Pros and cons of choosing stocks by market cap
Pros of choosing stocks by market cap
Market capitalisation is commonly used to help inform decisions about which stock to invest in because it gives investors information about the relative size of one company versus another. This is why investors tend to split stocks into categories based on their market capitalisation: large-cap, mid-cap and small-cap.
Large-cap companies typically have a market capitalisation of $10 billion or more, mid-cap companies between $2 billion and $10 billion, and small-cap companies between $300 million and $2 billion. The cut-off values of each category can be vague, and differ from country to country.
Market capitalisation is a simple and relatively effective way to assess risk. Investing in large-cap companies is thought to provide long-term rewards and less risk, as the companies are well established and stable. Mid-cap companies have great growth potential but tend to be riskier than large-cap stocks, although not as risky as small-cap stocks. Small-cap companies are often considered a high-risk investment choice due to factors like their limited financial resources.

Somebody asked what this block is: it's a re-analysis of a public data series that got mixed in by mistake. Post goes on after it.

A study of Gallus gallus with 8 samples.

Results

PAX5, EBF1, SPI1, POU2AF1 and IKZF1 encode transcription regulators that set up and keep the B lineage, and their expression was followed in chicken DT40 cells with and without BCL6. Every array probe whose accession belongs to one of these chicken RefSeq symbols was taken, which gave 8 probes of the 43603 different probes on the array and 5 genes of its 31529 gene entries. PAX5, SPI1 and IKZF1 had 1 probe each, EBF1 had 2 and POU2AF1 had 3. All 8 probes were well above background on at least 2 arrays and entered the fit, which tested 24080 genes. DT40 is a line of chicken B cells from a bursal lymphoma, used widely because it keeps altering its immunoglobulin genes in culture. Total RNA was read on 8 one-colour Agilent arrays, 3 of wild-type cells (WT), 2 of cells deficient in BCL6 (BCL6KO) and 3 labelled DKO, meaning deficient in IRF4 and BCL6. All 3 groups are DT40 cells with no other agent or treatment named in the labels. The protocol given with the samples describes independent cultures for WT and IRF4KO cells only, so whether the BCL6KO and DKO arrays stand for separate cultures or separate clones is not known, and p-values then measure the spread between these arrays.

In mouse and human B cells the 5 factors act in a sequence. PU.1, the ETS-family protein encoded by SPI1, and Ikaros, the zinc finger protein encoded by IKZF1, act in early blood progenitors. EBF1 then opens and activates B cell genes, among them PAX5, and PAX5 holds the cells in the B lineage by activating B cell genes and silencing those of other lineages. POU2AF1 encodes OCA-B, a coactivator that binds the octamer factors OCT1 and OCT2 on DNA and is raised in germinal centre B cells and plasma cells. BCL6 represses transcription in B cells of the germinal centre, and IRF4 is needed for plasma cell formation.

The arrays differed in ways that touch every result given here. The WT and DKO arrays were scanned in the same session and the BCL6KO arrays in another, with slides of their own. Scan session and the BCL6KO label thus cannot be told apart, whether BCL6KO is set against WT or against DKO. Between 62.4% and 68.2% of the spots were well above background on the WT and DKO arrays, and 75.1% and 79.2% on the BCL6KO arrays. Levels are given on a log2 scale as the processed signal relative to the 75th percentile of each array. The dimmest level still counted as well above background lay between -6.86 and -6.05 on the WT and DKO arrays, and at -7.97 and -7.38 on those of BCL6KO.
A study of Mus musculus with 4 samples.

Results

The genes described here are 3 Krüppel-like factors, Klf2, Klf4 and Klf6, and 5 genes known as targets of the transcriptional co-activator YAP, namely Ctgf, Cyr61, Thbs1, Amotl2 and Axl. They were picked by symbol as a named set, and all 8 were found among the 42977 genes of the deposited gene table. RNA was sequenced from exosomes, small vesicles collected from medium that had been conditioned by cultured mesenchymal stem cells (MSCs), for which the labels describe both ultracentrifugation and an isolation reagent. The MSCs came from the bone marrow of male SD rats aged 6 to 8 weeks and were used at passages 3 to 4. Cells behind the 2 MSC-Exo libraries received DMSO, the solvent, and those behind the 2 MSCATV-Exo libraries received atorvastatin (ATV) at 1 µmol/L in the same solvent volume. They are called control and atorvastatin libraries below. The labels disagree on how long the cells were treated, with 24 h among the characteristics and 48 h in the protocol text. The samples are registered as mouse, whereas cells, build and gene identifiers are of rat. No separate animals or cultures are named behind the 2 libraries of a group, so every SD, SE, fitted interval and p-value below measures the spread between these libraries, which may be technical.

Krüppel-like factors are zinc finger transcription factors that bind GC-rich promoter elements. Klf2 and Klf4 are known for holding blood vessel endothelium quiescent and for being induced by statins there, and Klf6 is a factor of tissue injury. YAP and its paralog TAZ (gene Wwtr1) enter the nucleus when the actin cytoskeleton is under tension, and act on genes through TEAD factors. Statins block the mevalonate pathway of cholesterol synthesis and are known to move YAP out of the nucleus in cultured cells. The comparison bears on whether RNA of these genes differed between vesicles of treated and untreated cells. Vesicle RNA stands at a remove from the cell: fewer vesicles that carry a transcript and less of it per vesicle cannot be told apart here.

Cons of choosing stocks by market cap
Although there can be a variety of benefits of using market capitalisation to identify which stocks to invest in, there are also certain limitations to this method. For instance, a business’s worth (its enterprise value) is not accurately reflected in the market cap – it only reflects equity value. Share prices may be over- or undervalued, because they only reflect how much the market is willing to spend.